Since he joined the ranks of the cultural elite living in Ojai a few years ago, the noted pianist Roger Kellaway has shown up in various contexts. It only makes sense for a pianist who, while established in the jazz world, has always maintained his love of, and skill within, musical variants.
Kellaway showed the many things he's made of when he gave a rare solo piano performance Saturday night in the literal living-room intimacy of the Ojai Institute. The compact-yet-expansive concert, under the title "Inner Journey," came across as a unique chamber music experience, with plenty of cross-stylistic musical offshoots.
The concert began poignantly with a new tune written in memory of Beatrice Wood, the famed Ojai artist who died, at age 105, a week earlier. The title of Kellaway's tune, "Kissed Again," was taken from a book by Wood, and it's a lovely, memorable waltz, pumped up with an implied Brazilian rhythmic energy. The music was a suitable homage to Wood's twin attributes of contemplation and impish vitality.
After that prelude, Kellaway requested that applause be held until the end. His seamless stitching together of many pieces turned the performance into a suite-like structure reminiscent of Keith Jarrett's free-ranging solo piano concerts.
Whatever the idiomatic turf Kellaway works in, as he veers into classical and impressionistic directions, aspects of his inbred jazz instincts tend to surface. His chordal palette and swing-inflected phrasing reveal traces of his jazz muse, but so do other, less tangible qualities, such as a restless will to invent and improvise.
You could hear the jazz aspect at work most clearly in his readings of standards, such as Irving Berlin's "Always," in which its familiar form was both respected and reinvented. Later in the set, the beautiful "My One and Only Love," often treated as a tender ballad, was energized by Kellaway's Erroll Garner-like chordal treatment of the melody over a left-hand pedal and a solo that shook with dynamic intensity.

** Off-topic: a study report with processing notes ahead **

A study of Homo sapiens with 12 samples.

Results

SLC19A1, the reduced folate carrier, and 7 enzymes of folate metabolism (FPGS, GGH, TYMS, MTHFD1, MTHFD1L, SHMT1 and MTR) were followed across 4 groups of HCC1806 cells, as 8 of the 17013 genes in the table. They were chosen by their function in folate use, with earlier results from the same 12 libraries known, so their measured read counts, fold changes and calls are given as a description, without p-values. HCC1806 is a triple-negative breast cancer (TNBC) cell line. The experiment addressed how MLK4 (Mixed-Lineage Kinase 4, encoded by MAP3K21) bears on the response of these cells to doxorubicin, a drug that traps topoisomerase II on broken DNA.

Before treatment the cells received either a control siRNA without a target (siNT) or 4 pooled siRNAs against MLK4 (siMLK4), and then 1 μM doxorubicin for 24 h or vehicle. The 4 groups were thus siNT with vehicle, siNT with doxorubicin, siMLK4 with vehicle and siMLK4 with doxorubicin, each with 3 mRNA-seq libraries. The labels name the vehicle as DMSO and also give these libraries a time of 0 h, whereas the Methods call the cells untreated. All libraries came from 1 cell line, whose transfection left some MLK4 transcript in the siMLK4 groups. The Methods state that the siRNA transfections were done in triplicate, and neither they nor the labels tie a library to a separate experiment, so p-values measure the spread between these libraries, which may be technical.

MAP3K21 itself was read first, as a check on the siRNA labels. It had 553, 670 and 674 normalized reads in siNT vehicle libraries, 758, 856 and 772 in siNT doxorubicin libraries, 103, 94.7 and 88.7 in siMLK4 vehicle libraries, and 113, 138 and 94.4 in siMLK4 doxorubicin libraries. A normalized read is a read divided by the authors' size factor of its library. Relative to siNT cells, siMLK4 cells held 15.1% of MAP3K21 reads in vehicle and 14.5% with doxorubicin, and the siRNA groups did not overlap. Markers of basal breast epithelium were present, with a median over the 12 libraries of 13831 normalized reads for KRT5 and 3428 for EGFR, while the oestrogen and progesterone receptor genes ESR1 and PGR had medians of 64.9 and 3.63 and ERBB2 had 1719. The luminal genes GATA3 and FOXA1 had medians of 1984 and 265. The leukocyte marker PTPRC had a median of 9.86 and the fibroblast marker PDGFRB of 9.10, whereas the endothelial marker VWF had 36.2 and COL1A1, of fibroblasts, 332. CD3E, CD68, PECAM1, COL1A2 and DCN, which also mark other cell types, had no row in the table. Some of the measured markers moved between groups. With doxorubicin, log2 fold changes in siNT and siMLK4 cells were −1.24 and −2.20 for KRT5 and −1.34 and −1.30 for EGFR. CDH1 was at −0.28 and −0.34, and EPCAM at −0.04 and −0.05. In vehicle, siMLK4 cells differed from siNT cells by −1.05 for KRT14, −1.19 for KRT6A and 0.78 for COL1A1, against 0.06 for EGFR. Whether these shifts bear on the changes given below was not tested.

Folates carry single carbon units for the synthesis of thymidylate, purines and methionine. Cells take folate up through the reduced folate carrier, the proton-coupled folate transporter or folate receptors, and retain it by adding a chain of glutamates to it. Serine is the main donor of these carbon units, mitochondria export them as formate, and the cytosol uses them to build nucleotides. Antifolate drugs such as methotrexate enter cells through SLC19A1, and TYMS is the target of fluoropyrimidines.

His style is often flowing, without being florid. To some ears, his music can sometimes steer a bit too close to the bland harmonic colors used in New Age music, as in "Dream Catcher."
But then, elsewhere, he puts inspired simplicity to good use, as in the spare, meditative poetry of "Lamentation Permutative Mirrors," one of the boldest, and yet simplest, pieces on the program.
For an encore, Kellaway played "Soaring," the title track from a now out-of-print solo piano album. As he commented after the concert, Kellaway plans to record another solo album. Judging by Saturday's performance, the time is nigh, and the material is ready.
Anacapa on Record: Pride of Santa Barbara's home-grown classical music scene, the Anacapa String Quartet gets its name from the Chumash word meaning "always changing, never the same." It's a fine maxim for any music ensemble to heed, and rings especially true for this quartet, which has shown equal passion and commitment to standards of the repertoire, contemporary and music off to the side of conventionality.
The bad news: The Quartet has announced it will disband after a final concert May 28 at Victoria Hall in Santa Barbara. The musicians have decided to pursue separate career goals.
The good news, tempered by the bad: They just released their debut CD, an impressive recording of Mendelssohn's Quartet in F Minor, Opus 80, and Dvorak's Quartet in C, Opus 61. To launch the album, they'll perform in the down-home, come-as-you-are atmosphere of the Roy restaurant Monday night.
Provincial pride is bound to step in here, as the Anacapa has been Santa Barbara's main local classical-ensemble-making-good, but the musicians shine by general musical standards as well. It's been very nice while it's lasted.
* Anacapa String Quartet's CD-release party is Monday at 7 p.m. at Roy, 7 W. Carrillo St., Santa Barbara. $5, refundable with purchase of CD. Call (805) 966-5636 for dinner reservations.